After untold numbers of complaints by military families about their household goods moves this summer, more than 41,000 people have signed a new petition asking military leaders and members of Congress to hold military moving companies accountable.

At, the petition calls for changing the military move process to be “more user friendly” for military families, and to hold companies accountable to minimize the loss and damage families have been experiencing.

Many military families moving this summer have experienced hardships because of unexpected delays in pickups or delivery of their household goods. In late July, U.S. Transportation Command officials said about one in 10 military members who had moved at that point had experienced delivery delays. There have been complaints about the quality of work, too, which has resulted in loss and damage for some families.

“Military families are tired of how things with the current moving system are being handled,” wrote the military spouse who runs the Military Spouse Chronicles Facebook page, in initiating the petition, which was updated Aug. 26. She noted that services being provided by moving companies is “subpar to what the government should expect from them."

“There is only so much that our military families can do, and without proper accountability, or fear of repercussions from their contracts, they will continue to get away with the mishandling of our service members’ personal property.”

She cited a claims process that is “long and tedious with companies only paying pennies on the dollar for something that is supposed to be protected” under DoD regulations.

Among the solutions she offered is to have move coordinators and quality assurance inspectors properly trained in being a mediator between the military family and the moving company and its crews. Another solution, long proposed by a number of advocates in the military community, is to have less frequent moves.

Officials at U.S. Transportation Command this summer have urged families to reach out to their household goods/transportation offices to learn about their options for assistance, including reimbursement for expenses caused by delays in delivery or pickup.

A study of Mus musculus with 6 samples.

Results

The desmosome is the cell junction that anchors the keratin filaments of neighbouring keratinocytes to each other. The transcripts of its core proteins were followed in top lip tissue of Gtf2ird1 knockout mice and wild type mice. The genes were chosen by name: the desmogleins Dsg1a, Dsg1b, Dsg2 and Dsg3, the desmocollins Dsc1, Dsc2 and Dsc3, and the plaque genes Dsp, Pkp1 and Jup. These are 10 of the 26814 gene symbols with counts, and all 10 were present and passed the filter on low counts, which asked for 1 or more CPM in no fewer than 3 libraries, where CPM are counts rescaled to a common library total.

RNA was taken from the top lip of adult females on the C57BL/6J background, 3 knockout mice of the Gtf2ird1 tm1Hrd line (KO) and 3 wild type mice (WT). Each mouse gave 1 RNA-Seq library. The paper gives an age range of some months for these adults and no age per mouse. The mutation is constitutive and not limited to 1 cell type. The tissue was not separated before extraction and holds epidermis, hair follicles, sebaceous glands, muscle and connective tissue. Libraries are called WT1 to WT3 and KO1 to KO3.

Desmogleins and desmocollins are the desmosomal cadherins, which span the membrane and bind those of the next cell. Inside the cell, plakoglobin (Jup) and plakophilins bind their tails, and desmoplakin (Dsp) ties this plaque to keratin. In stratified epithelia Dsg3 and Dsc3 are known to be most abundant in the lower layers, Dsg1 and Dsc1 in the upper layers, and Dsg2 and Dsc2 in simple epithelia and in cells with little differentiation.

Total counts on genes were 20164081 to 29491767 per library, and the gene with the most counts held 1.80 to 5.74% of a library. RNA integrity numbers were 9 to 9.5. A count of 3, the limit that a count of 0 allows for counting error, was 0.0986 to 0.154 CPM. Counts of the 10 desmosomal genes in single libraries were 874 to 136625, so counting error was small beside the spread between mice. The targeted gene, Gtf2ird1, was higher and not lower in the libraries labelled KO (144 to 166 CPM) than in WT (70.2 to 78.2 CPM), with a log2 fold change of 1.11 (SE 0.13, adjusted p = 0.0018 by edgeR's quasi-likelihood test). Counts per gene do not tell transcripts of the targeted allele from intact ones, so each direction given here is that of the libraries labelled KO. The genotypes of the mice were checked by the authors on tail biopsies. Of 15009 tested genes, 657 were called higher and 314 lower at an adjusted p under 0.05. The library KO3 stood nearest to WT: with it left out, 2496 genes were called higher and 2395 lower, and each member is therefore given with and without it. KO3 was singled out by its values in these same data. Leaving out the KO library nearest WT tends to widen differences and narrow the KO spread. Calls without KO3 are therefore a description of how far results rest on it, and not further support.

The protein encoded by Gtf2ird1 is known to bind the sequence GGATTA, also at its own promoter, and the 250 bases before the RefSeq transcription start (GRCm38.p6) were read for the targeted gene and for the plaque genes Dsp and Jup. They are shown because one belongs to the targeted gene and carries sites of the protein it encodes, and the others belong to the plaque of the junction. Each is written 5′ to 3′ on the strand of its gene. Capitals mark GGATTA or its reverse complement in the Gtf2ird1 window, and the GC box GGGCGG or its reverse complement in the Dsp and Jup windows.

The problem this summer hasn’t been limited to one company or one area. Rather, the situation has been a convergence of problems that’s created a “perfect storm” for military moves, predicted earlier this year by those in the moving industry.

Among the issues were high move volumes in some high-population regions (Northeast, southern Florida) that has exceeded local capacity; shortages of truck drivers, packers and loaders, made worse by falling unemployment rates that make it easier for some in the trade to accept positions in other industries; and new rules that limit the time truckers can spend behind the wheel.

There have also been issues with communication with families about what to expect.

Before the season began, U.S. Transportation Command officials said they had worked to sign up more moving companies. About 80 new companies were added to the roster of those that are allowed to accept DoD business for household goods moves. Officials are also working on other improvements to the system, such as developing a more robust training program for government employees at local installation household goods/transportation offices, to improve customer support.

“Is it so much to ask our elected officials to step in and protect our service members from the headache and heartache during a PCS?” the petition states.

Karen has covered military families, quality of life and consumer issues for Military Times for more than 30 years, and is co-author of a chapter on media coverage of military families in the book "A Battle Plan for Supporting Military Families." She previously worked for newspapers in Guam, Norfolk, Jacksonville, Fla., and Athens, Ga.